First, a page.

Different types of fostering


Short term fostering is also known as 'task centred fostering'. A child could be placed in a foster home for a period which lasts from one night to several months, depending on the circumstances and the legal situation.

Short term fostering happens if a child needs to leave their home, for various reasons, but when the intention is for them to return home once any difficulties have been sorted out.

Short term fostering can last for more than a year while we find a new permanent home, either by longer term fostering or adoption. In these circumstances the foster carer helps to prepare the child to move to a new family. Carers are also closely involved in helping the new family understand the needs of the child and prepare for their arrival.


Sometimes children are unable to return to live with their parents. Longer term fostering allows them to remain in contact with their family, whilst growing up in a safe and caring environment.

Children who are fostered long term live with the foster family and will continue to be visited by a social worker.

Regular meetings will take place every six months to make sure that they are settled. Foster carers are supported by the child's social worker and a family placement worker during the placement.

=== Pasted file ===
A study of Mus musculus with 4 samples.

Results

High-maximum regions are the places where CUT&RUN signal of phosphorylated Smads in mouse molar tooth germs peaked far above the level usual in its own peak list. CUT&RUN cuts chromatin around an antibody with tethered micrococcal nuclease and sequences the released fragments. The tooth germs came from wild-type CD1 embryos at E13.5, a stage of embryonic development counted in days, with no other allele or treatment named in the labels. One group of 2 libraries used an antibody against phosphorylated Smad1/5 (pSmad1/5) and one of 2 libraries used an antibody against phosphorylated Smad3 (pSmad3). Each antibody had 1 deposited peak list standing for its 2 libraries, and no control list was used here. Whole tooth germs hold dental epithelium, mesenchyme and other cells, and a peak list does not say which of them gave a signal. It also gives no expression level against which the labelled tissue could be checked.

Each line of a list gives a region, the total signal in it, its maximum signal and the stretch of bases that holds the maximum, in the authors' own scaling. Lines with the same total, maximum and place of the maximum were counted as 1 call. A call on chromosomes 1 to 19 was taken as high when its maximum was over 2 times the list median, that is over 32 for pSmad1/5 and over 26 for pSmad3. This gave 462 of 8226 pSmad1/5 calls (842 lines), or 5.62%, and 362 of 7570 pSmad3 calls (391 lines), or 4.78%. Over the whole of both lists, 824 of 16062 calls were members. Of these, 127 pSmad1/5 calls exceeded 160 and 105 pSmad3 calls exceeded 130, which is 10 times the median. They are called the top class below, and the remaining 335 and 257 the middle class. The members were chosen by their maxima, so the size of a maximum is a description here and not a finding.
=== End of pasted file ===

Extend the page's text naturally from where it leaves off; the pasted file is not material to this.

Longer term fostering is different from adoption. Some children don't want to be adopted but need to be in a safe and caring environment as they grow up. Long term fostering provides that security and helps those young people achieve their potential.


We sometimes need foster carers who can support young mothers and help them care for their babies. Some carers have developed skills in this area of work. They take part in assessments and encourage young mothers without taking over their parental responsibilities.


Our specialist scheme provides foster placements for children aged eleven and over who have particular needs, behavioural difficulties, or children with severe disabilities.

Foster carers need to make a commitment to see these children through times of difficulty, and to be available at any time they need support. For example, if excluded from school, or if they need to appear in court. Specialist foster carers need to have great flexibility in their part-time working arrangements, or need to be at home full time.

Specialist fostering placements may be short or long term, depending on the child's needs. Because of the level of skill and time involved, specialist fostering is a full time commitment and carers are paid a retainer and a weekly fee, on top of the normal weekly fostering allowance.


This is part-time foster care for children. Part-time care may be needed to help families in difficulty, providing a break for parents and children. These breaks are often over weekends or holidays.

Part-time foster care is also used to offer a break to full time foster carers, often over weekends or holidays or to provide cover if foster carers are unwell or face family difficulties.

Children in residential schools sometimes need care with a foster family at weekends and school holidays.